As if by wizardry, Black Rock has sprung to life, the party’s started, and everything everywhere is going off at once.
The city is ringed in light, the art cars and blinky bikes are out in number, and everywhere you look, everyone seems to have hit the ground running. The Center Cafe is good and crowded, the speakers and performers are going round the clock, and the yoga dancers and poi spinners are holding court in the center of the space.
Monday was a funny day, in that there seemed to be a higher-than-normal number of people wandering around the playa who looked fresh and clean. Their outfits were shiny and new, and their skin had yet to acquire a base coat of playa dust.
The hard flat playa is perfect for surfboard sailing this year.
By today, though, everyone was coated homogeneously, and you weren’t able to tell who’s been here for a day, a week, or a month. The temperatures were in the mid-80s (nice!), but the wind kicked up and was blowing at a steady 30 mph most of the day.
The population of the city doubled overnight, to more than 30,000, and of course there were plenty more people on their way in. By tomorrow, we’re guessing, we’ll hit an average peak population somewhere north of 50,000.
And the folks of Black Rock City went around and about, determined to make the most of these precious days. Here are a few snappies from the first full day of Burning Man 2011:
The Temple of Transition came and went from view, depending on how hard the dust was blowing.
When nighttime comes, it's time to get your face on for the evening's activities.
There was a lineup of art cars waiting to check in at the Department of Mutant Vehicles.
The fiery praying mantis is one of our favorites.
Art in the open playa is lit, the night air is beautiful, and the ring a lights around the city are glowing bright.
We love to visit the smaller art pieces that grace the playa, the ones that don't get as much attention or visitors as the giant projects. This one is called Gilnzobs, built by Zach, Capn Ron and Ryan from San Diego. It was inspired by the works of Carlos Casteneda and Daniel Pinchback.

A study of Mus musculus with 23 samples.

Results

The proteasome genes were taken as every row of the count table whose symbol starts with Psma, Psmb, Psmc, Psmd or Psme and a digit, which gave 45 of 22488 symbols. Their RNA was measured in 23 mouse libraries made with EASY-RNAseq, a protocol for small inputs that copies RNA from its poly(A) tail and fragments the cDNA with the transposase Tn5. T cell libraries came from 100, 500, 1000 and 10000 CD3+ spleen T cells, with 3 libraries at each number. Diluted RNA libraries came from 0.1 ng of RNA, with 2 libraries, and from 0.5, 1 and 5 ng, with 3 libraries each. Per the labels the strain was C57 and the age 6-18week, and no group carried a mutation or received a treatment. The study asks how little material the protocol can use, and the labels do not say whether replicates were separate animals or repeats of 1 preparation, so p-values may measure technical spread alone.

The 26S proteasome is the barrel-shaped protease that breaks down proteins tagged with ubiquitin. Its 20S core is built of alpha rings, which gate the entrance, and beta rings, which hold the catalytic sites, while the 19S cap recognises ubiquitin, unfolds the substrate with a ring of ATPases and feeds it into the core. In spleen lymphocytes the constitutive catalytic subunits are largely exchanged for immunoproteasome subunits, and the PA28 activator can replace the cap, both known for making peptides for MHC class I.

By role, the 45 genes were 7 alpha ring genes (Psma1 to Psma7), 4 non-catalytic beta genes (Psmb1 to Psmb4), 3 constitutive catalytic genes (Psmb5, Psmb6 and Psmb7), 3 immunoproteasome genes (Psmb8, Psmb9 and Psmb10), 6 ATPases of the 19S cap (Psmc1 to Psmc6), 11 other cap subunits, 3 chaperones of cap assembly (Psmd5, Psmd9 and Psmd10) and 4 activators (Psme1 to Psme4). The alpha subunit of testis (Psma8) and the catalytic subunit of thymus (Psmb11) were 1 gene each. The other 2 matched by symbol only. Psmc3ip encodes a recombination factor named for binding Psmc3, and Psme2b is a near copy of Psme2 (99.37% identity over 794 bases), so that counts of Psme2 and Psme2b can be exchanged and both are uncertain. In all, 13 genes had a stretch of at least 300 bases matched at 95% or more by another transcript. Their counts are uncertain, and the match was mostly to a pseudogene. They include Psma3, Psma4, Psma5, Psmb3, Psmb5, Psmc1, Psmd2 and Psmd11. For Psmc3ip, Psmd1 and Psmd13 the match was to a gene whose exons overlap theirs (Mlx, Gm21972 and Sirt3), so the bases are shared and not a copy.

Zach, Capn Ron and Ryan drove 11 hours from San Diego, got to the playa Monday night, and they were working on setting up their art well into the night. It was their first piece of art at Burning Man.
Sacred, another of the small-scale pieces here, is a mosaic glass and mirrors, and the artist began working on it way back in October to be ready for this year's Burn.
The Cafe decor has a chapel-like quality to it this year, all draped in white.
It might be fitting that the Cafe looks like a chapel: The cafe decor volunteer manager, Helen, is marrying her beau Ben at the Temple on Wednesday night. He built the structure that welcomes visitors to the cafe, and they took a moment for a picture together.
This is our home at Burning Man, Media Mecca.
Crimson Rose used the concentrated rays of the sun to light the fire in the central cauldron at the top of the keyhole on Rod's Road. Later in the week, the flame will be carried out to the Man on Burn night.
There are plenty of "big" pictures to take at Burning Man -- the art is inspiring, and the setting is fantastic. But it's also a great place to take pictures of the people you know best in the city. Here are Will Chase, who writes the JackRabbit Speaks newsletter, the Senator, who works in the Burning Man communications department, and Wanda Power, of Black Rock Solar.
Kate Raudenbush doesn't have art on the playa this year ("I reallllly needed to take a year off," she said), but she is active in the regionals network and was present at a mixer in Everywhere camp.
Super Minx does just about everything for the communications team, and when she's not doing that, she's helping other crews make their big art at Burning Man.
The "car-becue" was set aflame Monday night at Gigsville.
The flags at Botan's installation were flapping snappily in the strong evening breeze. It was a collaborative project that allowed dozens of camp members to design their own flags, with only the broadest design outline to guide them. Each flag was similar, but individual, too.
The "Pier" was glowing in the night, and the people at the end of it were "fishing" for bicyclists as they passed by. Later in the week, there will be a gathering of all the nautically themed art cars at the "Pier."
Where else but Burning Man can you be bicycling peacefully along when you come upon an art car capable of shooting giant bursts of flame maybe 100 feet into the air?
The Flaming Lotus Girls' piece was fired up, getting ready to go.
As you walked around it, the colors changed and the flames cascaded around the structure.